OS Grid ref:-SX 019 472
The popular holiday resort of Pentewan is known in Cornish as Bentewyn, which translates into English as foot of the radiant stream. The village is situated 3 miles (4.8 km) south of the busy market town of St Austell at the mouth of the St Austell River.
Pentewan is best known for its long sandy beach. The beach is but a minutes walk from the centre of the village, and is also the home of Pentewan Sands Sailing Club. Water sports are a populay activity and Pentewan has two shops selling everthing the water sport enthusiast requires from fishing rods to kayaks. There is also a gararage which sells groceries, newspapers etc. and a village Post Office
Pentewan is situated in central Cornwall and makes an ideal base for touring around the county. It is very close to such popular attractions as, the Eden Project, The Lost Gardens of Heligan, Mevagissey and Charlestown.
There are several walks around the village and the coast path provides wonderful views of St Austell Bay. The Blackhead Trail provides stunning views across to nearby Par and the hamlet of Polkerris.
The village spreads around a circular hill known as The Round. It is known that a settlement dating back to the Iron Age once existed on this hill as traces of the forts hut circles and an entrenchment have been unearthed.
Pentewan has a long history is recorded in the Domesday Book of 1086 which states, "The Manor of Pentewan was held by Osulf". During the thirteenth century the Manor was held by the Wise or Wyse family. In medieval times, Pentewan existed mainly a fishing village, with some stone-quarrying, tin-streaming, and agriculture. The antiquarian Leland, writing in 1549, referred briefly to 'Pentowan' as "a sandy bay witherto fischer bootes repair for socour".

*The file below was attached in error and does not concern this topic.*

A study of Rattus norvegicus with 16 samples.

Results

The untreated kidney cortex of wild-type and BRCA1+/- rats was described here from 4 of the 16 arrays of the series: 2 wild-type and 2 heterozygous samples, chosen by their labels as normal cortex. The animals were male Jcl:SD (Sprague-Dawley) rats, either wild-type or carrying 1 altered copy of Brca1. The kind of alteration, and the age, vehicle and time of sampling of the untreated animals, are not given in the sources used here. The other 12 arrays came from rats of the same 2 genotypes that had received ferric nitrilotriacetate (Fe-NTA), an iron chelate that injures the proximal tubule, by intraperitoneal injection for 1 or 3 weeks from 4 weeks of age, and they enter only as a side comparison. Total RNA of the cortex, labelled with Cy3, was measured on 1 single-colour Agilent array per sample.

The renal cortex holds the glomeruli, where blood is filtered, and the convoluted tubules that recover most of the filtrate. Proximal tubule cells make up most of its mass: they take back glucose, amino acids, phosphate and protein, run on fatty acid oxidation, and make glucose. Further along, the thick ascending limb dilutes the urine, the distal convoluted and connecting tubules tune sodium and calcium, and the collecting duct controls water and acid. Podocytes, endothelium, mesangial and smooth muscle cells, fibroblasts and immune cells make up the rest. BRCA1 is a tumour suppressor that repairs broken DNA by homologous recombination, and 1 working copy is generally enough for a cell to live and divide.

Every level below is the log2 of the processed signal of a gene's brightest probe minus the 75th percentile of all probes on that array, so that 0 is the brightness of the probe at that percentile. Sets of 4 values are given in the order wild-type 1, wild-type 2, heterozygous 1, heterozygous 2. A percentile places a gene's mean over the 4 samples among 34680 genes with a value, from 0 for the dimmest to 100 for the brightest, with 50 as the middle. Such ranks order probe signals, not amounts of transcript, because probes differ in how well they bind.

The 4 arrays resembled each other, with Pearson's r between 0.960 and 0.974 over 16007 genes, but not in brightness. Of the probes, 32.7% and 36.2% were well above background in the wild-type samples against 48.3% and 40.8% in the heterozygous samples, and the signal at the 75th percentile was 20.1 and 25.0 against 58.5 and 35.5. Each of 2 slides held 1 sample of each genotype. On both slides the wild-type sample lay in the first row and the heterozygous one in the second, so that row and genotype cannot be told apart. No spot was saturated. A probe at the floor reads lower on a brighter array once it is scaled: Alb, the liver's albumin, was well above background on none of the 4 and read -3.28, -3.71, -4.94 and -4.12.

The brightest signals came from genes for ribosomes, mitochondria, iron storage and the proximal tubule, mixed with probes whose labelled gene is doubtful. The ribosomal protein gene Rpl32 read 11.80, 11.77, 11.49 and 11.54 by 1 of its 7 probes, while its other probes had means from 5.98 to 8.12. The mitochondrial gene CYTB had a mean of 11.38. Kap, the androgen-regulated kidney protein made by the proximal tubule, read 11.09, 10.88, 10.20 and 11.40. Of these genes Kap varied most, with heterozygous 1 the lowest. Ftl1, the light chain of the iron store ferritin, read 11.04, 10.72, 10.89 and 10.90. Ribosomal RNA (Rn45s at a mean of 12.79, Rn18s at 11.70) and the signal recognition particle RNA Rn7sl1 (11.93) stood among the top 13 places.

Between 1818 and 1826, local quarry owner Sir Christopher Hawkins substantially rebuilt the harbour, partly to improve the existing pilchard-fishery and partly to turn the village into a major china clay port. At its peak, Pentewan shipped a third of Cornwall's china clay.
Continual problems with silting (caused by tin and clay mining) and the rise of the rival ports of Charlestown and Par meant that Pentewan's status as a port lasted for little more than a century. The last trading ship left in 1940. After that, the harbour entrance gradually silted up, though it was still possible for small boats to enter the harbour in the 1960s. Now, although the water-filled basin remains, Pentewan harbour is entirely cut off from the sea.